I spent the afternooon with an elderly lady, Joan Alison, who has written a local history of Purua where I live. She, and her even more elderly husband (Walter, 94), have a wealth of stories, memories, documents and photos which they very generously shared with me. Walter's father was one of the original European settlers who turned the land from Kauri swamp to pasture.
I was particularly interested in a party of Belgian settlers- including an Abrahams family whom I suspect were Jews- who arrived in 1894, some lasting only 3-4 years before returning to Belgium. Imagine arriving here from intensely civilised Western Europe via a 3 month sail literally half way around the world.
Purua was only surveyed in the 1880s and intially the economy consisted of gum digging and flax harvesting. Clearing the forests and draining the swamps using horses and bullocks were the backbreaking tasks facing the Belgians, along with building slab houses to live in and planting vegetables to eat. Town was a 15 mile horseride along a rough track, with a bridgeless river crossing halfway. One or two dozen households were scattered through the area, separated by dense swampy forest and difficult tracks. The Belgians were, by the few available accounts, a close knit group. They would have been isolated by language from even their nearest neighbours but friendships with other settler's children developed and were sustained even after some returned to Belgium. There is no record of why they returned after such a short time here, but I suspect that the harsh realities of breaking in the land were at odds with the arcadian fantasy imagined from Belgium. The Belgiums that stayed (including the Abrahams) married locals and built up their farms through a period of intense change.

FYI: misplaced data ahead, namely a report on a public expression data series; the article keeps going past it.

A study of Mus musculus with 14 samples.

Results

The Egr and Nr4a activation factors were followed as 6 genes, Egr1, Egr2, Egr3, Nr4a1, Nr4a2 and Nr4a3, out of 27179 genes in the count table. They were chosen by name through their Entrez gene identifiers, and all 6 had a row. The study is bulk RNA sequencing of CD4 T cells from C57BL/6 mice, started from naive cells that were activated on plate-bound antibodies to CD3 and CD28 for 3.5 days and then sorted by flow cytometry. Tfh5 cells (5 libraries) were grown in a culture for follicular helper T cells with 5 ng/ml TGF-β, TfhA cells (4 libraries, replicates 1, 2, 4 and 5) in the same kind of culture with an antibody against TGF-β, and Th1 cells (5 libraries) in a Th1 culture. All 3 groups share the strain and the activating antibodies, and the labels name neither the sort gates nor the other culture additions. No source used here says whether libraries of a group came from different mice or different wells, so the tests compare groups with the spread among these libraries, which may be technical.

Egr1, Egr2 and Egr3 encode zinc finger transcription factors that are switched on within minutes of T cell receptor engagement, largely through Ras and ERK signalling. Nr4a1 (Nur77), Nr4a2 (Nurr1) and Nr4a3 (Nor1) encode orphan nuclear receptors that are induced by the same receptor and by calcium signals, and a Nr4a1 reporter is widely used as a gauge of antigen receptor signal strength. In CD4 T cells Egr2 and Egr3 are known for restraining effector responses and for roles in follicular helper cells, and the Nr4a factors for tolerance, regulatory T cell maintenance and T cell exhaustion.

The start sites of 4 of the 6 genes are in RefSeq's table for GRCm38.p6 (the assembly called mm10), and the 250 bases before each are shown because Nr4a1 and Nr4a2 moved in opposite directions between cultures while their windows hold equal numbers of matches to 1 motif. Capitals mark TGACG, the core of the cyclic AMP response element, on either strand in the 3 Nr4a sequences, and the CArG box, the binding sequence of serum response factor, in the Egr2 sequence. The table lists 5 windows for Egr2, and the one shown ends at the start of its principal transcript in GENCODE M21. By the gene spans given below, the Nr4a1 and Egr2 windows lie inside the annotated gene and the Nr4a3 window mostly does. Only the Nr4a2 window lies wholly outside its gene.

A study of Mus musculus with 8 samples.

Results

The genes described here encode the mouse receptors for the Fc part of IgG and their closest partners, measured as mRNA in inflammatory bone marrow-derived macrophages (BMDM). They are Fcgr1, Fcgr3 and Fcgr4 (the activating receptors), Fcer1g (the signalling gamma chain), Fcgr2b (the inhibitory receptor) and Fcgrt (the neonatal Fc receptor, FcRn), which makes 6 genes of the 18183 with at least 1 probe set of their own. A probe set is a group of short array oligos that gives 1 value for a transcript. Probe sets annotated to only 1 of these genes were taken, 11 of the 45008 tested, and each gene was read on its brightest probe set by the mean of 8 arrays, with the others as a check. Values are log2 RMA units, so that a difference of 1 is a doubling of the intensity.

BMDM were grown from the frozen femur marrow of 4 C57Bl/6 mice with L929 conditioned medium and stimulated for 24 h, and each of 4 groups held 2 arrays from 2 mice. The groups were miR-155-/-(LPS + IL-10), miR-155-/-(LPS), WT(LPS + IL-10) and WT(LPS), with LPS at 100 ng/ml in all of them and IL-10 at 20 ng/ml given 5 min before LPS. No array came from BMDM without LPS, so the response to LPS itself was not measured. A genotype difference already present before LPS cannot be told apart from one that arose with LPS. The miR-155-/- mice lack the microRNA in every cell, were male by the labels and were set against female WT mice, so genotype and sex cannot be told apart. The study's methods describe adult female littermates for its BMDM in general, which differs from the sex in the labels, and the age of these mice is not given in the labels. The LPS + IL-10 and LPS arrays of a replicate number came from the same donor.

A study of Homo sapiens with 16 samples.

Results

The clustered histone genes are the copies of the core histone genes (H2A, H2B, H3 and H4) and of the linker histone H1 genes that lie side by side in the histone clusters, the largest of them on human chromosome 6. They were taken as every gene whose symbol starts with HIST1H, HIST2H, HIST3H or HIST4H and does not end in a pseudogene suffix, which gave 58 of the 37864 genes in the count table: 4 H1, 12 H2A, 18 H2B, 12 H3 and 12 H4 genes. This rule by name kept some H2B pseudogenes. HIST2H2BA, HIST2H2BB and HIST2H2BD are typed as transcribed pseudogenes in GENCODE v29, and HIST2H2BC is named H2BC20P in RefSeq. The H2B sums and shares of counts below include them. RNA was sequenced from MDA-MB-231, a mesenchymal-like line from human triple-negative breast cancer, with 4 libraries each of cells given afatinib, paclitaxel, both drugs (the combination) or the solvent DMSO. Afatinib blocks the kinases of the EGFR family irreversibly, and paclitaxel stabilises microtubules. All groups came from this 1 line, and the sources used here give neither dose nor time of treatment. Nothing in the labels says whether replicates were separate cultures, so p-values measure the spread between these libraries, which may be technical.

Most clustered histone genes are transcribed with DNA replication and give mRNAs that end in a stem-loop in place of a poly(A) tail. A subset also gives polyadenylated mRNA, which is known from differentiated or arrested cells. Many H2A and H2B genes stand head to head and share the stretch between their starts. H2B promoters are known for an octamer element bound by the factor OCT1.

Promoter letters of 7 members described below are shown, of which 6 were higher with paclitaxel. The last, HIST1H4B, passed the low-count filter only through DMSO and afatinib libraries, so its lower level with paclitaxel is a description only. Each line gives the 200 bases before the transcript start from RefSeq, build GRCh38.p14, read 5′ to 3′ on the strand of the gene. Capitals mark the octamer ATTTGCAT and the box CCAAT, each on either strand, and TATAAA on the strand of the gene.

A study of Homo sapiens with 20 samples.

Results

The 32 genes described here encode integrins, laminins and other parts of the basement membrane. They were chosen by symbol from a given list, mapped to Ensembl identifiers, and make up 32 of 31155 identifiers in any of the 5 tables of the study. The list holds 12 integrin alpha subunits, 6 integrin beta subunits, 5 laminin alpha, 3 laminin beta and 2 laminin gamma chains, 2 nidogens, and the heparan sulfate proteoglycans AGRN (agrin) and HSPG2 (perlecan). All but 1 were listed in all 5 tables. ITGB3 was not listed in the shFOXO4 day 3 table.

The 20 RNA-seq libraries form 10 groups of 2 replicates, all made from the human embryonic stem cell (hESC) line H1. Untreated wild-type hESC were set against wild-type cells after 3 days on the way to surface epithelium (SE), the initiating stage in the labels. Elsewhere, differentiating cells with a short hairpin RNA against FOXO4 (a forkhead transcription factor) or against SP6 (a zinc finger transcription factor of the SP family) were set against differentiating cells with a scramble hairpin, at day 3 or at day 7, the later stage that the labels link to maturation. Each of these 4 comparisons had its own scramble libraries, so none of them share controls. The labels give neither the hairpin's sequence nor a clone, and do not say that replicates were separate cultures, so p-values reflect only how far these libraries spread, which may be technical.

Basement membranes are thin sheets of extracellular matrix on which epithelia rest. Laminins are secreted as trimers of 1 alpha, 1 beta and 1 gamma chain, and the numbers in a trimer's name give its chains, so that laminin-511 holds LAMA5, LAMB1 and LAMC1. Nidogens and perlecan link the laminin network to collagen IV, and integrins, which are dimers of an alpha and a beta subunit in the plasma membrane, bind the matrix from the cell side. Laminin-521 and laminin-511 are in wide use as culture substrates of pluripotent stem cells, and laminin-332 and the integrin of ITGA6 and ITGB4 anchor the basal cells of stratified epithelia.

After my afternoon immersed in local history, I spent the evening contemplating the future at a Green Party event on the topic of peak oil. The DVD The End of Suburbia: Oil Depletion and the Collapse of the American Dream was a sobering reminder that most of what we take for granted at this moment in history is premised on the extremely shakey fantasy of unlimited energy supplies. Then MP Jeanette Fitzsimmons related the American film to the situation in New Zealand and offered some hopeful ways to mitigate, or at least, slow the impact of peak oil. Peak oil is no longer considered an hysterical fringe concept but is acknowledged by the most conservative energy analysts in the world. Fossil fuels will not run out per se but sometime in the next 5 to 30 years (and unless global demand slows it's likely to be sooner than later) it will swiftly and dramatically become much more difficult, expensive and slow to extract with barrel prices doubling, and doubling again. Modern food production, commuting lifestyles, centralised production and global distribution of goods are just some of the aspects of modern life that will become unsustainably expensive.
If the worst scenarios come to pass, it will be at least as shocking and difficult an adjustment for us as coming from cosmopolitan 19th century Belgium to the wild back blocks of Purua. But this time there will be no where to run back to. We can only move forward with ingenuity and compassion, and I suspect, quite a lot to learn from earlier generations who created communities and local economies without dependance on fossil fuels.